Saturday 21 December 2013

Saturday, December 21, 2013 Posted by Jake 4 comments Labels: , , ,
Posted by Jake on Saturday, December 21, 2013 with 4 comments | Labels: , , ,

A graph on page 63 of the Bank of England's end of year report might raise an eyebrow, if not your blood pressure.

Loan to Value (LTV) tells what percentage of the value of your home you owe on your mortgage. For instance, if you have a £150,000 mortgage and your home is worth £200,000 your Loan To Value ratio is 75%.

LTV in 2013 is actually higher than just before the Credit Crash, blamed by many on people borrowing too much on mortgages. In 2007, just before the crash, around 10% of borrowers owed more than 75% of the value of their homes. In 2013 this had risen by a half to 15% of mortgage borrowers. The percentage of borrowers in negative equity in 2013 (they owe more than the value of their homes) quadrupled to 4% of mortgage borrowers. 

Bank of England Quarterly Bulletin, 2013 Q4


  1. Your analysis on LTV mortgages point to the fact that banks still have risky lending. To discover if banks were still being reckless you should compate LTV at the time the mortgages were taken out pre and post criris. Mortgages are long term assets and therefore if there is a crash and assets are re-valued lower post crisis then the LTV will naturally deteriorate even if banks aren't conducting any more risky lending. The market in the north of England has generally being flat for residential and why should help to buy be scaled back here because of risky lending in the city? Why are your cartoons so polemical and lack balance? You feed into the general populist disquiet and drive support for extreme solutions rather than engaging in debate.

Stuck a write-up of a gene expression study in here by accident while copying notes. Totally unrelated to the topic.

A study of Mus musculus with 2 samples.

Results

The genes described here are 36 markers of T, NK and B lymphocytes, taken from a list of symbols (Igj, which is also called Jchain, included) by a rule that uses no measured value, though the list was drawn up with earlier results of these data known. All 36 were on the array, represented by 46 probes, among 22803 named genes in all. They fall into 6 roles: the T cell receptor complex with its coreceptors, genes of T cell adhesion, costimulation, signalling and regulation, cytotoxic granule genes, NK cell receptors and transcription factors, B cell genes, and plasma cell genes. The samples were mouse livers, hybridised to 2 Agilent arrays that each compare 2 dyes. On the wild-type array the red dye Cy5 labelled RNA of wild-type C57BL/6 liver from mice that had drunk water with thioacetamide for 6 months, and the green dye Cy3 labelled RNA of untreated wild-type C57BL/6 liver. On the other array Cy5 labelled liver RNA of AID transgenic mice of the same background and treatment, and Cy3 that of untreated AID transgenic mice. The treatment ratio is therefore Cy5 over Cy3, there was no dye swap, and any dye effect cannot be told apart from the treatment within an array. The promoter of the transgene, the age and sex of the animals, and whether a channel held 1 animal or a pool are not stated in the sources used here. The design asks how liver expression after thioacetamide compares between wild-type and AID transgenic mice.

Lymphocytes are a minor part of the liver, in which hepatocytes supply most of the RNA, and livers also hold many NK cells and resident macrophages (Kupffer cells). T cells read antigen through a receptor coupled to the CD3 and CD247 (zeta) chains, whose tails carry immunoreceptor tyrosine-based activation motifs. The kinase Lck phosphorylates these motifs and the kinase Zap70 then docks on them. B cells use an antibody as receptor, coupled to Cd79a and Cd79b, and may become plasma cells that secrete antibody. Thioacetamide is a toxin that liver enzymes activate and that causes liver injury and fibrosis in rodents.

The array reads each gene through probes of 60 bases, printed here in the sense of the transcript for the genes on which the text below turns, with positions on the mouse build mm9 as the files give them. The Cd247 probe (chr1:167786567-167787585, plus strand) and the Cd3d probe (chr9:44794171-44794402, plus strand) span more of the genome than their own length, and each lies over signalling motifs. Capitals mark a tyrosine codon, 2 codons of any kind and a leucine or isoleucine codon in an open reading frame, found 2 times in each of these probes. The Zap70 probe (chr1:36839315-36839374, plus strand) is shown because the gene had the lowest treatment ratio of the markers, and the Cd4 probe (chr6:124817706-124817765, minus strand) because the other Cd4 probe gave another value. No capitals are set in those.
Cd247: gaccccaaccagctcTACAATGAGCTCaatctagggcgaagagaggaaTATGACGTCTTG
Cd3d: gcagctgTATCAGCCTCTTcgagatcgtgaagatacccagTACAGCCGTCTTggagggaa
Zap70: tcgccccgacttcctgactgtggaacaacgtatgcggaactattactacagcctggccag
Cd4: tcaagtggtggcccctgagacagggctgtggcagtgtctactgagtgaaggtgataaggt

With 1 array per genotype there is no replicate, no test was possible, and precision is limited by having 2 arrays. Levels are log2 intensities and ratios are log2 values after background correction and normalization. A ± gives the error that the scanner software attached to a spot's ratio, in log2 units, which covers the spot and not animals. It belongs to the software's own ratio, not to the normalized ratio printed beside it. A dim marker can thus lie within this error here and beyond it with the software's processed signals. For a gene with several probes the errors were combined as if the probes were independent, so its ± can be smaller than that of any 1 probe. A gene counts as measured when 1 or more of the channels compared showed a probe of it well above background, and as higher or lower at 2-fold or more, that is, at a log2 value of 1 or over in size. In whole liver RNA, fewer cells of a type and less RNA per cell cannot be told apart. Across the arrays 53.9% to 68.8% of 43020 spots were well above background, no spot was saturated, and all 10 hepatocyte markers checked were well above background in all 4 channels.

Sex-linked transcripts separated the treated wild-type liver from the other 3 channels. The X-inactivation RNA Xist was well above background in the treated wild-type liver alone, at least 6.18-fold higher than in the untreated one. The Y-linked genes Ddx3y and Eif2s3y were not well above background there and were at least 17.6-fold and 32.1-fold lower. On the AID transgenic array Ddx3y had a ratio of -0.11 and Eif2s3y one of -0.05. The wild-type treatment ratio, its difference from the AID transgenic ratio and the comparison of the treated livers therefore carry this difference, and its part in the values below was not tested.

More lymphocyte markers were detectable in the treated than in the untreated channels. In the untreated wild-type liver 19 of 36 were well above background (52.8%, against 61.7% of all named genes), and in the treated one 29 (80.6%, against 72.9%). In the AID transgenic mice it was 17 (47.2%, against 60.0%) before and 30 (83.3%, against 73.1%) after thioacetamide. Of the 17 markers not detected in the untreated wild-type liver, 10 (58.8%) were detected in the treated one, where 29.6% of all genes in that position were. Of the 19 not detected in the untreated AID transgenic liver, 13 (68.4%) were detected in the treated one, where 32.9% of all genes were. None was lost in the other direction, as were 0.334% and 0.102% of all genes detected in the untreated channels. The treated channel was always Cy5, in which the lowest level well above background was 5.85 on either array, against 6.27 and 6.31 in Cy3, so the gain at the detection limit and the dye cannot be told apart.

1. 1. Favourable terms for the north, generally speaking? I think that's a good idea. We think the UK should rebalance away from London & the SE.
      2. "Why are your cartoons so polemical and lack balance?" Because we are campaiging. We are not a centrist national newspaper with 200+ staff. Though we are genuinely flattered that some readers expect it of this blog.
      3. "You feed into the general populist disquiet..." Populist? Phew! Sometimes we worry not enough people are aware of these things.
      4. "...and drive support for extreme solutions..." These are not extreme solutions.
      5. "...rather than engaging in debate." What do you want me to do? Give you a phone call?! That's what the comments section is for ;-)

    2. Well done for pointing out that things are far from as rosy as Gidion keeps telling us. All his policies have achieved are higher house prices and chaos in the public sector.
      When things finally go belly up for Gidiot's economic???? strategy you will be crying out for the "extreme" policies of the Labour Party.
      We are told that the average pay rise is 3%, who has had a 3% rise in the last 5 years let alone in the last 12 months???
      And the cartoon is factual isn't it so what is the problem???????? We do have rising consumer debt and house prices and from the previous experience we know that this will lead to major problems if policies aren't introduced to alleviate / stop these problems from continuing.